Jon Hamilton | KUNC

Jon Hamilton

Jon Hamilton has served as a correspondent for NPR's science desk since 1998. His current beat includes neuroscience, health risks, behavior, and bioterrorism. Recent pieces include a series on the chemical perchlorate, which is turning up in California's water supply; a government effort to find out just how many autistic children there are in the U.S.; and an exploration of "neuromarketing."

Before joining NPR in 1998, Hamilton was a media fellow with the Henry J. Kaiser Family Foundation studying health policy issues. He completed a project on states that have radically changed their Medicaid programs for the poor by enrolling beneficiaries in private HMOs.

From 1995-1997, Hamilton wrote on health and medical topics as a freelance writer, after having been a medical reporter for both The Commercial Appeal and Physician's Weekly.

Hamilton graduated with honors from Oberlin College in Ohio with a B.A. in English. As a student, he was the editor of the Oberlin Review student newspaper. He earned his master's degree in journalism from Columbia University where he graduated with honors, won the Baker Prize for magazine writing, and earned a Sherwood traveling fellowship.

When we hear a sentence, or a line of poetry, our brains automatically transform the stream of sound into a sequence of syllables.

But scientists haven't been sure exactly how the brain does this.

Now, researchers from the University of California, San Francisco, think they've figured it out. The key is detecting a rapid increase in volume that occurs at the beginning of a vowel sound, they report Wednesday in Science Advances.

The brain waves generated during deep sleep appear to trigger a cleaning system in the brain that protects it against Alzheimer's and other neurodegenerative diseases.

Electrical signals known as slow waves appear just before a pulse of fluid washes through the brain, presumably removing toxins associated with Alzheimer's, researchers reported Thursday in the journal Science.

When Sepiedeh Keshavarzi was getting her medical degree in Tehran, she often read research papers by prominent scientists in the U.S.

"It was my dream at some point when I was much younger to do research in the States," she says.

Not anymore.

Educators refer to teens like Alex as "twice exceptional."

"I have a large degree of skill in almost every subject of learning," says Alex, who is 16. "But I also have autistic spectrum disorder."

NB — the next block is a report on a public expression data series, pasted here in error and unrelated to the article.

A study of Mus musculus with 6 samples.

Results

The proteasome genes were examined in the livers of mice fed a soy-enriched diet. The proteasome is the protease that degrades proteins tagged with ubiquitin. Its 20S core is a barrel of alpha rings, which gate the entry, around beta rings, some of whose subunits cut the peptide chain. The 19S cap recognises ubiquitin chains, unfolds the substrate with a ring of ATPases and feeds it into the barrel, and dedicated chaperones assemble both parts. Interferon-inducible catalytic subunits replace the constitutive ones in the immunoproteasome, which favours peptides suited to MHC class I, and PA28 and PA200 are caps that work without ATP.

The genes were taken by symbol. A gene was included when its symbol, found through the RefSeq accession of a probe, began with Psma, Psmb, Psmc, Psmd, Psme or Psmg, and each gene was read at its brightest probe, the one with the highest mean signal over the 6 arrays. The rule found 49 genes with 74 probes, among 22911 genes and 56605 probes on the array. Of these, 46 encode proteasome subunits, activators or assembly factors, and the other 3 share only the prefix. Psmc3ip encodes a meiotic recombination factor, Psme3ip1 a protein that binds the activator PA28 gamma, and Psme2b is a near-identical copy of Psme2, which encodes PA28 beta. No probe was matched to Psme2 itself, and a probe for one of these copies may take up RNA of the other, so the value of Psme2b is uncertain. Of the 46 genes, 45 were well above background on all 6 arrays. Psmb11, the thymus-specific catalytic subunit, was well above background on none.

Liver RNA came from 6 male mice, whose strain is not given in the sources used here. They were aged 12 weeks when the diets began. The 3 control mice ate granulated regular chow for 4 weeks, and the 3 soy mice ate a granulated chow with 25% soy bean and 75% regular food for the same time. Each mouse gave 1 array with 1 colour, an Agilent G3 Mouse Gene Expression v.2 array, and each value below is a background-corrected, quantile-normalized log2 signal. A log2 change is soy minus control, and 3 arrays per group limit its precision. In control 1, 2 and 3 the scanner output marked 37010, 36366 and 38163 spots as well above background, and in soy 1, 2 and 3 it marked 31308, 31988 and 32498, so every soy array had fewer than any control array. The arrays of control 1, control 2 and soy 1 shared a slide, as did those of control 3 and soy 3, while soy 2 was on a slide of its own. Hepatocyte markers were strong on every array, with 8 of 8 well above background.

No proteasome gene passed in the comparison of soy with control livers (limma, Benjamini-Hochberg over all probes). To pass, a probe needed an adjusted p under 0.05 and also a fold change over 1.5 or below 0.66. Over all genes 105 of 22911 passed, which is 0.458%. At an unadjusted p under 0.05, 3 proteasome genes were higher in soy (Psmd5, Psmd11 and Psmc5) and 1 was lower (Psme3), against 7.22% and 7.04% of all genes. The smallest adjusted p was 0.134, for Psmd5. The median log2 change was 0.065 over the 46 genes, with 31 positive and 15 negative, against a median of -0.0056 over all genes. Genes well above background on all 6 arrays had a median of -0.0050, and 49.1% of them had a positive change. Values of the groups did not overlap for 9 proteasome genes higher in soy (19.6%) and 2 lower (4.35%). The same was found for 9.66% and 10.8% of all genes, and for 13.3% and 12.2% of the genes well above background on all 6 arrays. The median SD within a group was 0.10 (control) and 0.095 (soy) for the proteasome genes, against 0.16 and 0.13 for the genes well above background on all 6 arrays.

For Alex, this dual identity has meant both opportunity and frustration.

He has skipped two grades so far, and began taking college math courses last year, when he was still 15. But when he was younger, Alex's underdeveloped social skills caused him a lot of grief.

"I was constantly getting into fights and normally losing them," he says.

The link between vaping and severe lung problems is getting a lot of attention.

But scientists say they're also worried about vaping's effect on teenage brains.

"Unfortunately, the brain problems and challenges may be things that we see later on down the road," says Nii Addy, associate professor of psychiatry and cellular and molecular physiology at Yale School of Medicine.

Too much physical exertion appears to make the brain tired.

That's the conclusion of a study of triathletes published Thursday in the journal Current Biology.

Researchers found that after several weeks of overtraining, athletes became more likely to choose immediate gratification over long-term rewards. At the same time, brain scans showed the athletes had decreased activity in an area of the brain involved in decision-making.

Researchers are beginning to understand why certain brain cancers are so hard to stop.

Three studies published Wednesday in the journal Nature found that these deadly tumors integrate themselves into the brain's electrical network and then hijack signals from healthy nerve cells to fuel their own growth.

By the time a fetus is 6 months old, it is producing electrical signals recognizable as brain waves.

And clusters of lab-grown human brain cells known as organoids seem to follow a similar schedule, researchers reported Thursday in the journal Cell Stem Cell.

In mice, scientists have used a variety of drugs to treat brain disorders including murine versions of Alzheimer's disease, depression and schizophrenia. But in people, these same treatments usually fail.

And now researchers are beginning to understand why.

A detailed comparison of the cell types in mouse and human brain tissue found subtle but important differences that could affect the response to many drugs, a team reports Wednesday in the journal Nature.

A close look at the brains of 40 U.S. Embassy workers in Cuba who developed mysterious symptoms has found no evidence of injury. The State Department has said the employees were hurt by some sort of attack.